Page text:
Below The Bottom Of The Barrel
Judge Sonia Sotomayor's nomination to the Supreme Court has revealed the ugly side of the Republican Party.
William Rivers Pitt:
Last week, the malady mutated into a whole new thing - Sotomayor Derangement Syndrome - and boy, but it's a doozy. Ranting incoherence, brazen racism and suicidal ideation swept through the ranks of the far right after Judge Sotomayor was nominated to replace Justice Souter on the high court, symptoms that became worse by orders of magnitude as the week wore on. By the weekend, those suffering from Sotomayor Derangement Syndrome had not only struck the bottom of the barrel in their attempts to tear the Sotomayor nomination down, but had plowed right through the wood and burrowed deep into the slime and ooze beneath. [...]
"After a week of escalating race and gender rhetoric from the right over the Sotomayor nomination, it's now looking like some in the Republican Party - those concerned with actually getting elected - have become alarmed by the political damage the more extreme members of their party may be doing and are moving to rein in the vitriol," reported Eric Kleefield of Talking Points Memo on Friday. "It's the starkest example yet of an interesting division within the right, one that has been apparent for some time, but which the Sotomayor nomination has not only crystallized but accelerated: the right-wing bomb-throwers obsessed with ideological purity versus the right-wing pragmatists who want the party to actually win election again some day."
By the end of last weekend, Sotomayor Derangement Syndrome had blown this rift within the GOP wide open. Establishment conservatives are now directly pitted against the vocal ideologues on their right flank and a GOP base that seems to be avidly listening to them. For a party already traumatized by arguments over immigration, two decisive routs in a row at the polls, and an absolute absence of any real leadership, the advent of this newest intra-party bloodbath is the worst possible situation.
Empathy, Sotomayor, and Democracy: The Conservative Stealth Strategy
The Sotomayor nomination has given radical conservatives new life. They have launched an attack that is nominally aimed at Judge Sotomayor. But it is really a coordinated stealth attack - on President Obama's central vision, on progressive thought itself, and on Republicans who might stray from the conservative hard line. [...]
Actually, something sneakier and possibly dangerous is going on.
Let's start with the attack on empathy. Why empathy? Isn't empathy a good thing?
Empathy is at the heart of progressive thought. It is the capacity to put oneself in the shoes of others - not just individuals, but whole categories of people: one's countrymen, those in other countries, other living beings, especially those who are in some way oppressed, threatened, or harmed. Empathy is the capacity to care, to feel what others feel, to understand what others are facing and what their lives are like. Empathy extends well beyond feeling to understanding, and it extends beyond individuals to groups, communities, peoples, even species. Empathy is at the heart of real rationality, because it goes to the heart of our values, which are the basis of our sense of justice.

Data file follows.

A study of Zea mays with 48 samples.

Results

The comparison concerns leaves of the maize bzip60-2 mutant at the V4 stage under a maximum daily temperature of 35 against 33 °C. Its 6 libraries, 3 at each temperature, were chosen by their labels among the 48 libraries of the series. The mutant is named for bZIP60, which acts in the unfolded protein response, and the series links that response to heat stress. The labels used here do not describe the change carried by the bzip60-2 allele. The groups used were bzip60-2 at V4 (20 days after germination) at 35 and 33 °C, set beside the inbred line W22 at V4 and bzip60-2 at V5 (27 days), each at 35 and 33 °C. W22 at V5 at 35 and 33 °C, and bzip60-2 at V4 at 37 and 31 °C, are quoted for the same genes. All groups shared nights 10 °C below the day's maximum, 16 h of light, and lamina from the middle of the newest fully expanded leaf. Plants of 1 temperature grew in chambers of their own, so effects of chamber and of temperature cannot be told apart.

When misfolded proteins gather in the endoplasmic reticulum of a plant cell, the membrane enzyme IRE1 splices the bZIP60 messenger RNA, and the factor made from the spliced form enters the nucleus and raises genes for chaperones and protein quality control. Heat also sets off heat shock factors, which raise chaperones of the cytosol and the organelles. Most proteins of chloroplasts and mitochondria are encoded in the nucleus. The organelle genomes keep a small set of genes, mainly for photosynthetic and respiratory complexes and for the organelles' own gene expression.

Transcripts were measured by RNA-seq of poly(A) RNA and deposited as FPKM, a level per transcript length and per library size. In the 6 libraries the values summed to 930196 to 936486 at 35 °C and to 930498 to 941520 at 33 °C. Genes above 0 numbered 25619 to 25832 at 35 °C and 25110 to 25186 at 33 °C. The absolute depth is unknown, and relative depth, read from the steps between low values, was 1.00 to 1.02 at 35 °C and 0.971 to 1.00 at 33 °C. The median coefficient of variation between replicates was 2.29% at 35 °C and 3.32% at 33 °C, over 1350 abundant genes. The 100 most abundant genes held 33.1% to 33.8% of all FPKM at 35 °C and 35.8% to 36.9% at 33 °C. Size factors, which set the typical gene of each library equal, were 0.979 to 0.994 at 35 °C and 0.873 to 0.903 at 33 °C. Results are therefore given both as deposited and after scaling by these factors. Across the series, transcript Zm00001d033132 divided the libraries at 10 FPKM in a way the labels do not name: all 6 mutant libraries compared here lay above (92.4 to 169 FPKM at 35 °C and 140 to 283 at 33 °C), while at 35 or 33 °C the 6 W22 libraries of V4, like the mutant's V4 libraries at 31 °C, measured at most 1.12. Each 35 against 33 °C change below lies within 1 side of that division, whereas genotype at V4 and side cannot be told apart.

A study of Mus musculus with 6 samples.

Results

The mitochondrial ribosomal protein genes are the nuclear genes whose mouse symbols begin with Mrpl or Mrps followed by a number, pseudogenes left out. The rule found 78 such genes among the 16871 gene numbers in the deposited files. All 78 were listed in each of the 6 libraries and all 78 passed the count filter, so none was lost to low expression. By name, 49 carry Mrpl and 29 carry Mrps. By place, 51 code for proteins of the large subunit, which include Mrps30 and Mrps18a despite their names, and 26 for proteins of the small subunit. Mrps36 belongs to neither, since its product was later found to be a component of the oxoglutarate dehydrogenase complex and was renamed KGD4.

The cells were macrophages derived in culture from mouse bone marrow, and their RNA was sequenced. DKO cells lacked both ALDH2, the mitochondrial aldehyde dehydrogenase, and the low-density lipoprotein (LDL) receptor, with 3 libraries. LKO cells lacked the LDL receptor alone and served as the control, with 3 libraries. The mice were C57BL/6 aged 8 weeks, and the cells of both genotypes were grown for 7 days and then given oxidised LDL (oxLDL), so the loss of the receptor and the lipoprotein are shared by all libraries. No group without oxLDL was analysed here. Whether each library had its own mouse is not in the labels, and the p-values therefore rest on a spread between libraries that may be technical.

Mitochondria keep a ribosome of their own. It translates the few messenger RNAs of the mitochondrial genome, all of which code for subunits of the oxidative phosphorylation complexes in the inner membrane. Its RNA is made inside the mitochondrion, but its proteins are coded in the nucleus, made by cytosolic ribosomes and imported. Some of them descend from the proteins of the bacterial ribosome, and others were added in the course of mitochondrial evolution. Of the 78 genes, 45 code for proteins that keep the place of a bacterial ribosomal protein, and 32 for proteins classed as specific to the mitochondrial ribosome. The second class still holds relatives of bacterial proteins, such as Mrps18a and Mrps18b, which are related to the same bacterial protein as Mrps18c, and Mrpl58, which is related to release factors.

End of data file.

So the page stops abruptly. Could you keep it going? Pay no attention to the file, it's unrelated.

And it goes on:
Progressives care about others as well as themselves. They have a moral obligation to act on their empathy - a social responsibility in addition to personal responsibility, a responsibility to make the world better by making themselves better. This leads to a view of a government that cares about its citizens and has a moral obligation to protect and empower them. Protection includes worker, consumer, and environmental protection as well as safety nets and health care. Empowerment includes what is in the president's stimulus plan: infrastructure, education, communication, energy, the availability of credit from banks, a stock market that works. No one can earn anything at all in this country without protection and empowerment by the government. All progressive legislation is made on this basis. [...]
Empathy in this sense is a threat to conservatism, which features individual, not social, responsibility and a strict, punitive form of "justice." It is no surprise that empathy would be a major conservative target in the Sotomayor evaluation.
But the target is not empathy as it really exists. Instead, the conservatives are reframing empathy to make it attackable. [...]
Taken together, the attacks on Sotomayor work as attacks on Obama and progressive thought. They are also attacks on "moderate" conservatives, who think with progressives on many issues. [...]
How should Democrats respond?
Democrats should go on offense. They need to rally behind empathy- real empathy, not empathy reframed as emotion and personal feeling. They need to speak regularly about empathy as being the basis of our democracy. They need to point out that empathy leads one to notice real social and systemic causes of our troubles and to notice when and how judicial decisions and legislation can harm the most vulnerable of our countrymen. And finally that empathy is the reason that we have the principles of freedom and fairness - which are necessary components of justice.
Above all, Democrats should be aware that the attack on Sotomayor is not just about Sotomayor. It is an attack on the basis of our democracy and must be answered.